How to get rid of portulaca.

Asked July 18, 2015, 1:15 PM EDT

I live on a farm in Saskatchewan, Canada.
For the last 8 years I have been fighting with portulaca, I have tried everything, from hand weeding to the use of pesticides, the problem seemed to be under control this spring, only a few portulaca plants appeared in a few areas, we had an unusual dry spring. However, as soon as it started raining, the pesky weed has come up everywhere, it covers the areas affected like a carpet, and the areas affected is not limited to the vegetable garden, but to open areas around the house that have been worked up, these areas were worked up years ago before I knew what I was dealing with. Hand weeding would be impossible since the open areas affected are over 2 acres. Any help you would offer with be greatly appreciated.

Outside United States weed issues agronomy weed control

1 Response

Portulaca oleracea, also known as common purslane or portulaca, is a summer annual. It is one of those curious plants that is classed as a weed, an ornamental plant and, an edible. A satisfying option would be to find the niche market that likes eating purslane and sell them your 'crop'. More likely you will have to battle portulaca as a weed. A variety of U.S. Cooperative Extension resources note that portulaca is a prolific seed producer which is unfortunate since you likely have ample seeds in your soil for years to come. Portulaca readily germinates on tilled or disturbed land as you mention, so avoid soil disturbance. Seed germination is reduced when seed is buried 1/2 inch or deeper. Therefore the first recommendation is to apply at least 1 inch (2.25 cm.) organic mulch over the infested area to reduce portulaca seed germination.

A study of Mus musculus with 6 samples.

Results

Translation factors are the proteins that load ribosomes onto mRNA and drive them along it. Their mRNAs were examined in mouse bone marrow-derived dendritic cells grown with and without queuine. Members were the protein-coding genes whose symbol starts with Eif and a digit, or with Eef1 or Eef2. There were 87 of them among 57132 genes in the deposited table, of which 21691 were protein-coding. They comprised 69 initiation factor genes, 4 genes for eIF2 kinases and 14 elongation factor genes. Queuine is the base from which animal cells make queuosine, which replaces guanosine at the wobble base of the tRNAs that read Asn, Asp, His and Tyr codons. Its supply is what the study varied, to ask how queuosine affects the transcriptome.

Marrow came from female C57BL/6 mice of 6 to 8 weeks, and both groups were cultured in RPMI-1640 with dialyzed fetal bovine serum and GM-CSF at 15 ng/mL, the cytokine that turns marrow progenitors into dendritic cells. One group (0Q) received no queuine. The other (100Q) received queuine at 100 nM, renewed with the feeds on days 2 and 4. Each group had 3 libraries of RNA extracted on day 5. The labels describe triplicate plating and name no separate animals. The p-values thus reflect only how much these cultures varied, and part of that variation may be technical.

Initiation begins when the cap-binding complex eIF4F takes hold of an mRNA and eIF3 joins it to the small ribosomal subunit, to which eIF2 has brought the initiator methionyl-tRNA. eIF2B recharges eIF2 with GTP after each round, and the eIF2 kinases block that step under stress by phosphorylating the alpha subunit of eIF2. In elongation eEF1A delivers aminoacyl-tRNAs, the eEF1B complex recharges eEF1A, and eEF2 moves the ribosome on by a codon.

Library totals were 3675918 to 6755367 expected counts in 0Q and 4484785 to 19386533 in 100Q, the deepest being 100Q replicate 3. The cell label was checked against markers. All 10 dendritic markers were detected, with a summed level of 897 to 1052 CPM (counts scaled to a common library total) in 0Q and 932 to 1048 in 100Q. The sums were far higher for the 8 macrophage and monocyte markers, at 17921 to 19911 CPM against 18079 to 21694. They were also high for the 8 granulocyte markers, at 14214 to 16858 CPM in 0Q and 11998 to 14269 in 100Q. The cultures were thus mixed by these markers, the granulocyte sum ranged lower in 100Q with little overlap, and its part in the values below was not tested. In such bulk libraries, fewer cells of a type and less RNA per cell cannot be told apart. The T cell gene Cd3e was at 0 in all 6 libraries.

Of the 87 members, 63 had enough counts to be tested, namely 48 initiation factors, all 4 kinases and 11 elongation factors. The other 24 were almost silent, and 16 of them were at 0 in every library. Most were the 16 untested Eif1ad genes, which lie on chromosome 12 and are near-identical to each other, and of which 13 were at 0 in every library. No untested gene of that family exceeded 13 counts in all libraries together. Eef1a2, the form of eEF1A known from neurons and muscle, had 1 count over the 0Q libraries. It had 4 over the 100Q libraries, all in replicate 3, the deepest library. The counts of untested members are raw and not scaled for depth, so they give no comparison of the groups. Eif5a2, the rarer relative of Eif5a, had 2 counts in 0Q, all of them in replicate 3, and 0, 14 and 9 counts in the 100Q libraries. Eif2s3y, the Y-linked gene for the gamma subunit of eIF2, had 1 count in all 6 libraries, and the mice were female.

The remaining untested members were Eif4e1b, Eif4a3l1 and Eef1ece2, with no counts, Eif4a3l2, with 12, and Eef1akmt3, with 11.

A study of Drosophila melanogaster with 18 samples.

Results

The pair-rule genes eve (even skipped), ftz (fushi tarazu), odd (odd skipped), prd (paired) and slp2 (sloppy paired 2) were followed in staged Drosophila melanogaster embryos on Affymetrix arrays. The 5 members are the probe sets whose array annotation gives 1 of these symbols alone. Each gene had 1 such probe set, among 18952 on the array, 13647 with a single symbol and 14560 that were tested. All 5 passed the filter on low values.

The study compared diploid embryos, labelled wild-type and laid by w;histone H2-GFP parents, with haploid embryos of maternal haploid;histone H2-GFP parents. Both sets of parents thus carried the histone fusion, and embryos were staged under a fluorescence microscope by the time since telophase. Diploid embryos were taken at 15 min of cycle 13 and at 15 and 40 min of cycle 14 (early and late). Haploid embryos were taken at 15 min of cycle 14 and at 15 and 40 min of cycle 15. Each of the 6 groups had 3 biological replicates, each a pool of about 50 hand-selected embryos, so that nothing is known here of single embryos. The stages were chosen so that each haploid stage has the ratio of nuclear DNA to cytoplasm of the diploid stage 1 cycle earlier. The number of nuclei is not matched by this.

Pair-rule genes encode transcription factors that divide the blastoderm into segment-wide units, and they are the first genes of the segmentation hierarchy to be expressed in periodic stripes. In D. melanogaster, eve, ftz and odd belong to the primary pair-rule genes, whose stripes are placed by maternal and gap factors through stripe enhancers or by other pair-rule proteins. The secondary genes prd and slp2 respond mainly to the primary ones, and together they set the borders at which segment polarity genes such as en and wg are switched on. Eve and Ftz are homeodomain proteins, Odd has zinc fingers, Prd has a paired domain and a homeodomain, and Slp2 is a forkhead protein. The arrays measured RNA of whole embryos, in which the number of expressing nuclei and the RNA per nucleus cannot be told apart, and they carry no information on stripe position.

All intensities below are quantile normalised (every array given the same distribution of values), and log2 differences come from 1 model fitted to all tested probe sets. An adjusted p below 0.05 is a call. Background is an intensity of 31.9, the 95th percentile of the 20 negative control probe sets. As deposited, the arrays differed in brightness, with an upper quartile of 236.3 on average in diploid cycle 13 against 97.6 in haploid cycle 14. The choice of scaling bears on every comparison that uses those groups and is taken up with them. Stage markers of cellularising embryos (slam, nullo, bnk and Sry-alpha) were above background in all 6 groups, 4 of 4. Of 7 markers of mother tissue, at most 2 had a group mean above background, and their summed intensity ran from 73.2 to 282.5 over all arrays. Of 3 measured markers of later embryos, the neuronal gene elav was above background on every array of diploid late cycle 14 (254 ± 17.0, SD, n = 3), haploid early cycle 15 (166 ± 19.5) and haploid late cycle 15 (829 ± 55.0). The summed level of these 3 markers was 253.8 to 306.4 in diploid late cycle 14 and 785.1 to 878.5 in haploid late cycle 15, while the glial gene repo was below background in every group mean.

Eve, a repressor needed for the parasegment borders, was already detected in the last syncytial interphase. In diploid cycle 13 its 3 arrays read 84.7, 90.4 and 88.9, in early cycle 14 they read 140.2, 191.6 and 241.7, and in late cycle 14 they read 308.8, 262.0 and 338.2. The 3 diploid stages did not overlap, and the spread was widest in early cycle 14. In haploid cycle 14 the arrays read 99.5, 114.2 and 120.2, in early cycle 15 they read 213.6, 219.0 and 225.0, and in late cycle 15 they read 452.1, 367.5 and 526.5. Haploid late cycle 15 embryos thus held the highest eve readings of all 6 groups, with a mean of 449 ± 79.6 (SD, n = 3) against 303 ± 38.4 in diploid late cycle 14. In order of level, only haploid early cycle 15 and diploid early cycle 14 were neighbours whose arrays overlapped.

Pre-emergent herbicides (applied early in the season before seeds germinate or perennials resume growing) are not as effective in northern climates against portulaca since portulaca germinates with high soil temperatures which occur late in northern areas after the herbicide loses effectiveness. Two post-emergence, non selective herbicides recommended in some southern U.S. States include Roundup (glyposphate), and Finale (glufosinate ammonium). In both instances Roundup and Finale are the trade names and glyposphate and glufosinate ammonium are the common names of the active ingredient which affects the weed. Of the two Roundup may be more readily available. If you use either product remember you are handling a hazardous chemical. Always wear appropriate personal protection equipment (PPE): chemical resistant gloves with no cuffs or liners, long sleeve shirt and long legged pants of a tightly woven fabric,safety goggles or eyeglasses. Read and follow the product label directions attached to the herbicide container. Since both of the herbicides listed are non-selective they most likely will injure or kill any plant sprayed with the mix. Use all the mixed herbicide at the time mixed. Allow at least 8 hours drying time after application before rain or irrigation. Do not apply when wind speeds exceed that listed on the label. Be especially cautious not to get any of the herbicide in your eyes. You will likely have to apply the mulch and the herbicide every year to control portulaca. Hope this helps.